Subterranean Archives: The Epistemic Violence of Henequén Haciendas and their Erasure of the Subterranean Worlds in Yucatán, México with Pablo Aguilera Del Castillo, Working Wednesdays


Williams 623 and via Zoom


Old black and white photo of a farmer standing in an agave field.

Photo credit: Fototeca Pedro Guerra. México.

Subterranean Archives:  The Epistemic Violence of Henequén Haciendas and their Erasure of the Subterranean Worlds in Yucatán, México

Built after centuries of colonial domination, henequen haciendas (Agave fourcroydes) in Yucatán have established important land logics that continue to define how people interact with the land in Mexico today. These land logics, among many other things, make possible the development of large agroindustrial sites and the continuing dispossession of land by national and international capitals. To challenge these enduring colonial logics and their consequences, I propose to excavate local Yucatec archives as a means of rebuilding a history of the indigenous subterranean worlds of Yucatán. To do this, I examine historical maps and photographs offering new readings of the history of the land in this region of Mexico. Through the critical exploration of these new archives, I propose to build a story of subterranean erasures over the 1900s and their relevance for the establishment of vital forms of indigenous sovereignty today.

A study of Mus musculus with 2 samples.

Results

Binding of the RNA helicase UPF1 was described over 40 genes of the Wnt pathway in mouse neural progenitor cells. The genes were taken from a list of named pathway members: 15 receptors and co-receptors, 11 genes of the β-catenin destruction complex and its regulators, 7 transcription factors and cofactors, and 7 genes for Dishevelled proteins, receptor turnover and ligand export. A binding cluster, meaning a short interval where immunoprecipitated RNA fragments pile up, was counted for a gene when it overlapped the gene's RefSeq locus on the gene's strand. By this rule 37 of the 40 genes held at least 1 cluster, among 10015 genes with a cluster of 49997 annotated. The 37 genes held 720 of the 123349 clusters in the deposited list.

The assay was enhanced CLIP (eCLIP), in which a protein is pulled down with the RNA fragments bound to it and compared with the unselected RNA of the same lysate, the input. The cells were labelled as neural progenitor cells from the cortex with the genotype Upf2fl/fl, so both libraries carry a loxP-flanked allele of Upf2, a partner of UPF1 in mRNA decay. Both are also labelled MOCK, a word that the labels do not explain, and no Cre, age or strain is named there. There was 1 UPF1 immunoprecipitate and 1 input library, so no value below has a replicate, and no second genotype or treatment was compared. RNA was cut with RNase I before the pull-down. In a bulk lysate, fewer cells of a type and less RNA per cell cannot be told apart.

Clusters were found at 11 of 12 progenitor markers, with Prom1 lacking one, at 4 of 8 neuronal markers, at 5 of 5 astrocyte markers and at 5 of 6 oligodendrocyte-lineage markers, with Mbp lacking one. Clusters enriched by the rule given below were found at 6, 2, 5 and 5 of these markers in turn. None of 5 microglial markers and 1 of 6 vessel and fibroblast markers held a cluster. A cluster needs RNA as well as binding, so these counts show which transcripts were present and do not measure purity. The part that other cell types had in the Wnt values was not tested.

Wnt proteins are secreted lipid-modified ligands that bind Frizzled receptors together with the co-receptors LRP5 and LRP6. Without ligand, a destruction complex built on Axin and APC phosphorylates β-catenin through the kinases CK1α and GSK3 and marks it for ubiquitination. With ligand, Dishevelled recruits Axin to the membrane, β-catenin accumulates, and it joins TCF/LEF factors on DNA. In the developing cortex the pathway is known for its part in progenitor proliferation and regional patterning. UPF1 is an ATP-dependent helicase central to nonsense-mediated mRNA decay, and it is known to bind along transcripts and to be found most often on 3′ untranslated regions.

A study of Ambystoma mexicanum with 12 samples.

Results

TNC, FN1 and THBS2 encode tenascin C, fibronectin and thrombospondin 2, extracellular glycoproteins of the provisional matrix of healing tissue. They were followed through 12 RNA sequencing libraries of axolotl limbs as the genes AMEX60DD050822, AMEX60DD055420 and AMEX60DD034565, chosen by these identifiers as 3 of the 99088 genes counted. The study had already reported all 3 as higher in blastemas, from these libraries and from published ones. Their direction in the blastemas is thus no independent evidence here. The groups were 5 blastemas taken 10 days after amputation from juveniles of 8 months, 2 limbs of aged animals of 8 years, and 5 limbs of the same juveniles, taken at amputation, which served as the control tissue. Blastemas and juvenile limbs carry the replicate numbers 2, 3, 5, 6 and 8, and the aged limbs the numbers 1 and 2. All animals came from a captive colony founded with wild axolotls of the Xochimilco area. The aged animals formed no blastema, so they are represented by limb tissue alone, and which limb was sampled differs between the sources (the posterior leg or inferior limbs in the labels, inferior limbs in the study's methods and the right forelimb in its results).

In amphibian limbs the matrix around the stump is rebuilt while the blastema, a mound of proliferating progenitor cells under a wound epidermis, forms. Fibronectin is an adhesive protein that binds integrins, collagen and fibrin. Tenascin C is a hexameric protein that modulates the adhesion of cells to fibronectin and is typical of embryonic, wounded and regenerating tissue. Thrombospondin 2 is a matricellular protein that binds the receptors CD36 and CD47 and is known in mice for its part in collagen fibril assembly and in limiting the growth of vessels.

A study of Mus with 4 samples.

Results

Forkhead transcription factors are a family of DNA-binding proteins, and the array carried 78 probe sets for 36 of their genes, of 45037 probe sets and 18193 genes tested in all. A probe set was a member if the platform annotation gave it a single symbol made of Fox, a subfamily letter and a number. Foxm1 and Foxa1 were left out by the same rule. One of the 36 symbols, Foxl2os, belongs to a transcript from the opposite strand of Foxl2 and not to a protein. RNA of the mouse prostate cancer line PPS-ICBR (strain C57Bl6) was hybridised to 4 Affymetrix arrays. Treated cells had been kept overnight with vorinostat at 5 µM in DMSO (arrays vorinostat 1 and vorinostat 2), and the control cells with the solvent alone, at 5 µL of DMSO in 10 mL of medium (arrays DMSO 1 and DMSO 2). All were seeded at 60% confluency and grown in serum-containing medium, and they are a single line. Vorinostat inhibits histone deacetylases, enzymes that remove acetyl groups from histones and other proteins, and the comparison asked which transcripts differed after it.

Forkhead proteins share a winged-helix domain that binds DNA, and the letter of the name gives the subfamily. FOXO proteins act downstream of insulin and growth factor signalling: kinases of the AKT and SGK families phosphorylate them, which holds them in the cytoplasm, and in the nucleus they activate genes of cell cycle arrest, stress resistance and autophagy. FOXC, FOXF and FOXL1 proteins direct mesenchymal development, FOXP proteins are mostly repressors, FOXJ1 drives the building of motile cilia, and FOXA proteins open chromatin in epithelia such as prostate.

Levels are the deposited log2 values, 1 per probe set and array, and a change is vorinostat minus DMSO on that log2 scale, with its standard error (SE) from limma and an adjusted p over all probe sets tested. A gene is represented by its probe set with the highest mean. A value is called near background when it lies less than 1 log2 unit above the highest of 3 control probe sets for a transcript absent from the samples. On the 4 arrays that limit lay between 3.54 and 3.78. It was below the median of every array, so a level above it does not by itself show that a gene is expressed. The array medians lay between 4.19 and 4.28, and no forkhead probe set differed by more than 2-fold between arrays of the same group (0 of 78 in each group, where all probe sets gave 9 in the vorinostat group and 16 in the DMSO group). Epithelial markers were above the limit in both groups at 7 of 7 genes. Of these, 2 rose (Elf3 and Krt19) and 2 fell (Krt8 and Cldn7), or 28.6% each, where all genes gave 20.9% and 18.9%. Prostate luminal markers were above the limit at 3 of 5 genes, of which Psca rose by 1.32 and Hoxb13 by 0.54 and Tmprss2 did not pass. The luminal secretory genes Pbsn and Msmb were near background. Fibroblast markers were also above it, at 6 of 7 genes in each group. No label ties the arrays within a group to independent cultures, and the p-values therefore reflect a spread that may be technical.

Pablo stands outside wearing a blue button down shirt.

Pablo Aguilera Del Castillo is a Mexico City native and a Ph.D. candidate in socio-cultural anthropology at the University of Pennsylvania. Pablo’s research is situated at the interface of Science and Technology Studies (STS), Environmental Anthropology, and Latin American studies. His doctoral research examines the Yucatec Karst Aquifer System in southeastern Mexico to study emergent forms of environmentalism and expertise around subterranean landscapes. As part of this, he collaborates with speleologists, archaeologists, geomorphologists, and environmental lawyers in Yucatán. His research has been supported by the Mexican National Council of Science and Technology (CONACYT), the Wenner Gren Foundation, the Penn Museum, the Center for Latin American and Latino Studies (CLALS), and the Center for Experimental Ethnography (CEE). He is currently a graduate fellow at the Penn Program for Environmental Humanities (PPEH) and a founding member of Penn’s EnviroLab.

PPEH offers a lunch series, Working Wednesdays, designed to showcase in-progress Community Based Participatory Research (CBPR) straddling theoretical and practical environmental concerns. These sessions take place on Wednesdays, 12:30-1:30 sharp.

All sessions are open to the Penn community but require RSVP. Grab a lunch and join us in person or on Zoom!